Democrat Charlie Crist said he’s already a “believer” in climate change but said he listened to a scientific presentation Friday partly to highlight the differences between him and Gov. Rick Scott.
The presentation took place during a press conference as Jeff Chanton, a Florida State University oceanography professor, showed slide after slide showing the impact of global warming on Florida and the world. Chanton was one of 10 scientists who last week sent a letter to Scott requesting a sit-down to discuss climate change since the governor has often said he’s not a scientist when asked about global warming.
Scott’s response was that he’d have someone from his administration meet with the scientists. On Friday, Crist said he’d personally meet with the scientists who authored the letter. And Scott’s campaign later released a statement saying the governor would be “happy to meet with them.”
Chanton said he hasn’t personally been contacted by Scott, but the governor’s campaign spokeswoman Jackie Schutz said an appointment would be set up.
The so-called climate wars created an opportunity for Crist who said he not only wanted to “meet with Chanton to learn “but also to indicate there’s a distinction between the two of us running for governor this year.
“I noticed that my opponent, Rick Scott, would not meet with this wonderful scientist,” Crist said, adding that Scott “was not going to meet” with Chanton until “I accepted the opportunity to do so. It makes a great statement about the two different views of the world by the two of us, myself and Rick Scott.”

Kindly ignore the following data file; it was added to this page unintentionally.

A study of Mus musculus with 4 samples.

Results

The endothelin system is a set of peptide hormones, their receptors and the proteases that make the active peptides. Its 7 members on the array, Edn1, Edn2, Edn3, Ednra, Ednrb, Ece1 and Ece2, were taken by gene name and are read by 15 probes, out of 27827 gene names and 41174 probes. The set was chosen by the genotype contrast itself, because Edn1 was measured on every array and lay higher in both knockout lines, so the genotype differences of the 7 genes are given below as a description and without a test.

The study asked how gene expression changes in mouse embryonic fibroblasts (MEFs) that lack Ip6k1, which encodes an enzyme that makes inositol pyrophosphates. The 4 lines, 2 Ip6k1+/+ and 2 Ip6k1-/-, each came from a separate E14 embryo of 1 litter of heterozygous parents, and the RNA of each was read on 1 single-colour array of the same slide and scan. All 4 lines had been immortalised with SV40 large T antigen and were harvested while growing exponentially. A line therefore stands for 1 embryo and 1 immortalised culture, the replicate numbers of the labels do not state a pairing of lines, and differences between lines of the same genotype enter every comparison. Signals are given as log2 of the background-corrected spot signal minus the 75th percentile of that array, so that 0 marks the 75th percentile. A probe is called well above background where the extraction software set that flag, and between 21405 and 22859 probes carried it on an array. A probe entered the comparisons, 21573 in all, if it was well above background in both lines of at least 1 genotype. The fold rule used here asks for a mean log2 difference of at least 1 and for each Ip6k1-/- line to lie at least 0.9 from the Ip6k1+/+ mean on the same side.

Scott’s campaign provided a little drama of its own. Schutz dashed into the press conference before Crist arrived and passed out copies of a picture of a private plane and a graph that said Crist flew on a plane owned by James Finch, owner of Phoenix Construction. A group of 15 Scott volunteers carried signs with messages like “Crist flies with polluters.”
When asked about the flying to the press conference, Crist said "Listen, I’m trying to win this race and Florida's a big state. And if the Republicans don’t think that I should be allowed to fly and have to drive everywhere when their candidate has his own private airplane that he got from the ill-gotten procedures he had at Columbia/HCA, I got another thing coming for em. I'm going to fly and I'm going to get around Florida as fast as I can to talk to as many people as I can to tell them the truth about what this guy isn't doing on climate change and education and other issues."
As for whether there was a better way to travel than flying in a plane owned by Finch, Crist said “Perhaps there is, but that’s really not the issue of today. The issue of today is who really cares about Florida.”
Crist said Scott was a "denier" in dealing with climate change and said his response has been “pathetic.”
Asked about Scott's attempts to tackle climate change, Chanton said, “I don’t think he’s done anything about it” but said he welcomed the opportunity to talk with the governor about the issue.
Chanton said Florida, the lowest state in the country, is “ground zero” for a climate change crisis.
Scott and state environmental officials face new deadlines under President Barack Obama’s Climate Action Plan to limit carbon pollution from power plants.
Under those rules, Florida must prepare a plan within a year to reduce its greenhouse gas emissions by about 38 percent by 2030.
Power plants account for roughly one-third of all domestic greenhouse gas emissions in the U.S., according to the EPA.